Advice technology specialist Ignition has proposed that digital capabilities can enhance the advice business model in market study ‘reimagining financial advice’.
The hybrid model is said to make advice delivery up to 80% faster for firms and is shown to already aid advisers working with M&G Wealth.
Ignition, the global provider of advice technology, and Altus Consulting, a specialist provider of consultancy services to the financial services sector, have launched a blueprint for improving the use of digital capabilities in the financial advice market.
The paper provides recommendations for how the UK market can reduce the advice gap and ensure appropriate, affordable financial advice is available for all that want it.
Previous analysis in this space has typically endorsed either ‘robo’ or traditional, human advice. However, ‘Reimagining financial advice’ proposes a new model: hybrid advice.
Hybrid advice involves the use of technology to enhance, rather than replace, the work of the financial adviser.
Terry Donohoe, CEO Europe, Ignition, states: “the pandemic and the accompanying social distancing measures have forced us to rely on technology more than ever before. In some areas, this overnight change has provided a much-needed impetus to encourage businesses to re-think old habits and provide what is actually a better consumer experience.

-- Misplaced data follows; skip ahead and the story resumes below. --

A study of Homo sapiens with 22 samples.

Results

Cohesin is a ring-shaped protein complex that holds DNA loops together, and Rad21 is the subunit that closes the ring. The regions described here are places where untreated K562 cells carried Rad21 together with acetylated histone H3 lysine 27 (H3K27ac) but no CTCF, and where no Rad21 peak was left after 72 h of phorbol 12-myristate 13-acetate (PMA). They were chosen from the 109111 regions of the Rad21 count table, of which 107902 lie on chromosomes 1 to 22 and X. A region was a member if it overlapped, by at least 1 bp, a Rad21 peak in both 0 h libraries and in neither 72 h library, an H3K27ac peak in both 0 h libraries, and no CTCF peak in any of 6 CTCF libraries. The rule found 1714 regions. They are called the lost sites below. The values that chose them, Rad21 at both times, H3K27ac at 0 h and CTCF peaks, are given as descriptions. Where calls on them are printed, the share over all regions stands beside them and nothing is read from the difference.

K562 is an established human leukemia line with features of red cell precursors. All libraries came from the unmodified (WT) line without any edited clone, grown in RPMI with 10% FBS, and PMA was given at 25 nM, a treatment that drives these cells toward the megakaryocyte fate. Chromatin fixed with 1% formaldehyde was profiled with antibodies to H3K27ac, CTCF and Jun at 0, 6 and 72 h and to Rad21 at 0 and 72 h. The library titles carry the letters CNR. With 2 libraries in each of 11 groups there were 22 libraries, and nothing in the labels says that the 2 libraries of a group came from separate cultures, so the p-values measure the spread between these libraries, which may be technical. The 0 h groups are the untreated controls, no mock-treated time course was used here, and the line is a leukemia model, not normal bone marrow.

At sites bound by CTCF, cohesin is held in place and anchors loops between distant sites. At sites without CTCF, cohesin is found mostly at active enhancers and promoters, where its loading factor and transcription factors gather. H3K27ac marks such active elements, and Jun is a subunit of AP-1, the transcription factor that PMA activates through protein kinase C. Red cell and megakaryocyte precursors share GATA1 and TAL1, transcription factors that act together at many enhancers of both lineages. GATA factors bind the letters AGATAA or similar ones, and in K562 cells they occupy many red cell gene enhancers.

“We have seen that there is real demand in the UK financial services market for true digital advice, which seamlessly combines technology and human expertise to provide an easy-to-use service that helps customers make better financial decisions. As our whitepaper shows, there are still significant hurdles to clear before this model becomes the norm, but we are now closer than ever to revolutionising the advice industry and closing the advice gap.”
The paper also includes a review of how M&G Wealth, the global wealth manager, has been working with Ignition to implement a hybrid advice platform for both new and existing clients.
Sam Turner, consultant at Altus Consulting, claims: “despite recent advances in technology, the current UK advice landscape is testament to the fact that pure digital advice remains a challenging proposition to deliver profitably. The initial hype around so-called ‘robo advice’ seems to have cooled and the industry is now turning towards a more hybrid model, which works in various forms to combine digital tools and human expertise.
“The recent rapid shift in working habits brought on by the pandemic has done a lot to accelerate change in the sector and alter attitudes towards the use of digital capabilities. The market may well be primed for a significant and lasting digital transformation but implementing change on this scale is never a straightforward matter and our research has identified a number of key challenges that businesses will need to overcome over the next few years.”